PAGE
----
Elites and ‘red tagging’

The phrase “red tagging,” which sends a chill up my spine, did not exist when Antonio S. Araneta (my husband) was writing his undergrad thesis in 1959, titled “Elites and Economic Development in Underdeveloped Countries.” Way back then, he called red-tagging a “weapon” or an “accusation” by “certain American groups that protected their vested interests by slyly imputing as communist-oriented any movement that criticized the exploitative maneuvers of American monopolistic capitalism.” Tonypet (his nickname) said those interest groups did not bother to find out nor care if such movements were beneficial to our county, like the Filipino first policy of President Carlos Garcia. He quoted a US World Report article dated Feb. 27, 1959: “Communists in the Philippines are making a comeback…ultra nationalists are pressing their Filipino-First movement…wealthy Filipinos are encouraging the Filipino-Firsters and the communists to attack the United States and the United States businessman.”

One of the “wealthy Filipinos” was Dr. Salvador Araneta, Tonypet’s favorite uncle, who under two different administrations was Secretary of Economic Coordination and Secretary of Agriculture and Natural Resources. Don Salvador was strongly opposed to Parity Rights. However, he was reported to have said that there were American officials sent to Manila who had the Philippines’ best interest at heart, like Dr. Rolland R. Renne of Montana University who publicly advocated the industrialization of the Philippines; “…a country with more abundant natural resources than Japan, would in time be more industrialized than Japan.” Don Salvador said that Dr. Renne told him in confidence how he was “bawled out for this statement as soon as he reported to his superiors in Washington.”

Tonypet concluded that American vested interests, especially those that profited from the extraction of natural resources and the free trade of processed and consumer goods, constantly blocked the road to industrialization. Any action that mildly contravened American interests was automatically considered pro-communist; the USA “bombarded the easily beguiled masses of the country, in particular, and the world masses, in general, with this fallacious American logic.”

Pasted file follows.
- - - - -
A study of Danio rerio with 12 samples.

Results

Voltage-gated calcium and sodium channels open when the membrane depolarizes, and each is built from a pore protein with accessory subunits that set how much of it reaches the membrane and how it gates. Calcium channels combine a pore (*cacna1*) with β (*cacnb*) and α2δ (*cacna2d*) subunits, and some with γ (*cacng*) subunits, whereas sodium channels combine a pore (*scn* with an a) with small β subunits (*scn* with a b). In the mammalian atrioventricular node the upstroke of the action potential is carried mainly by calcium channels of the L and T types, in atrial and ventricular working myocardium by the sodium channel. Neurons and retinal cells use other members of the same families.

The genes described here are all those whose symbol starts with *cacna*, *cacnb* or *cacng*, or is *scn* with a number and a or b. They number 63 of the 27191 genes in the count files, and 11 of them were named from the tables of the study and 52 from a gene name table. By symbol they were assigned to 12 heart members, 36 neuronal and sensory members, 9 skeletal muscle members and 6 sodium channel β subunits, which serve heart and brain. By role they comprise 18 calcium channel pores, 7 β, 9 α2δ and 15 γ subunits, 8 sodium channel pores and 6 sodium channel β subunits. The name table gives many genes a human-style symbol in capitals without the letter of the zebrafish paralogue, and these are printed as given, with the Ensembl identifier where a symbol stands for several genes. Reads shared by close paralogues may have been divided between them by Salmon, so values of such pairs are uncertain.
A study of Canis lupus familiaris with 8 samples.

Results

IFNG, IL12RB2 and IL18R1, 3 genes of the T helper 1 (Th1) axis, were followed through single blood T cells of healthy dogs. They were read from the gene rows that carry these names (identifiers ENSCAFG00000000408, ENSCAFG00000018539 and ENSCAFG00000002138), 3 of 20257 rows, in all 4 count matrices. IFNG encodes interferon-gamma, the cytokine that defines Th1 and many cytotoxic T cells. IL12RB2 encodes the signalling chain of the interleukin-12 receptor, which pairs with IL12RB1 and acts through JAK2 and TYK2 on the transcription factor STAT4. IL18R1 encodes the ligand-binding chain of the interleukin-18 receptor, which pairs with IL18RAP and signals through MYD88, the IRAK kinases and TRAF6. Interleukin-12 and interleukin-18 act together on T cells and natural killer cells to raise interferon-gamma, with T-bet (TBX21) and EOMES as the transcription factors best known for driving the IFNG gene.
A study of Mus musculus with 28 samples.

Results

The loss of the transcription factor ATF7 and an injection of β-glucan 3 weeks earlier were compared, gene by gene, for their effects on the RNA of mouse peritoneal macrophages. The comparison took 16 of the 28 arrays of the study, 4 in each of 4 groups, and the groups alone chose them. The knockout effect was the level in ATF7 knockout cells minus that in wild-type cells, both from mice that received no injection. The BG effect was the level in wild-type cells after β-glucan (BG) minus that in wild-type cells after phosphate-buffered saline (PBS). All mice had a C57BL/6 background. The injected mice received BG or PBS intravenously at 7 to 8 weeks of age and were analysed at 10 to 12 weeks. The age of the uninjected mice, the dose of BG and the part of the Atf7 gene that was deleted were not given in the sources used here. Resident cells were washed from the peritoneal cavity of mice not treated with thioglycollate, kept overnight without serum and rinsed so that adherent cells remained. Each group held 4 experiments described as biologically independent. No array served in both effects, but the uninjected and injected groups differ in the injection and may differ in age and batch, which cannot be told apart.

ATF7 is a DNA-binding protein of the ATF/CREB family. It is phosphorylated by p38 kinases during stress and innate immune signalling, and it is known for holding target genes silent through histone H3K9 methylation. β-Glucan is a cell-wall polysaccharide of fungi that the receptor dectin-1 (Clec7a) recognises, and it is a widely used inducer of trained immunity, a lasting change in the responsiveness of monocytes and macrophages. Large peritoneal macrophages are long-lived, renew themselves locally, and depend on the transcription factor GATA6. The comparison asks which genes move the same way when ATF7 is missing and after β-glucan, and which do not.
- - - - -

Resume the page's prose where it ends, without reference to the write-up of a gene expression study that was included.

Be that as it may, Tonypet was aware of a glaring contradiction – though the elites have contributed (and could continue) to economic development, they are at the same time the “greatest deterring effect” in underdeveloped countries like ours. He quoted two authors to elucidate: First, Douglas F. Dowd who said, “The structure of ownership and control, dominated as it is by a native ruling clique and a handful of foreigners stands as an imposing obstacle to economic development…” because they prefer to invest in real estate, money lending, speculative trade and the like which are less risky and have faster returns than industrial investments. The second was Bruno Lasker, author of Human Bondage in Southeast Asia, who expounded that when the USA took possession of the Philippines, the cacique class was allowed “to lord it over the political arena, it was all the more natural to conform the privileged position of this class and to permit its dominance not only in legislation but also in the economic system, where it was bound to perpetuate its privileges at the expense of the common tao.”

Tonypet concluded: “Though American vested interests prevail in the Philippines, this fact does not necessarily mean that all these Americans are living here. The usual case is that American interests have Filipinos working for them as agents who subscribe to their vested interests.”

He pushed the argument a step further by saying that the primary purpose of the US military bases is to protect American vested interests rather than to protect us Filipinos. In another part of the world, Tonypet argued, the US installed a base at Guantanamo Bay in Cuba for the same purpose.

How baffling that Tonypet never showed me his “Elites” thesis in 1964, the year we met, when the chemistry was strong, or when we got married in September 1965. He did give me the original manuscript of his Oxford University doctoral thesis, which for some strange reason he never published; it is a history of the Communist Party of the Philippines, the old one which is no longer illegal, unlike the New Communist Party. Tonypet was red-tagged, just the same, and spent nine months in a maximum security prison in what was then Fort Bonifacio (now Bonifacio Global City). He waited until April 2016 to give me a faded copy of the “Elites” when both our feet were planted in a different time period. Now that I have plowed through it and written two articles about it, I think I know why he had kept it hidden in a forgotten file. The thesis appears to hew to the author’s lived experience, the contradictions that continue to haunt nationalistic Filipino elites.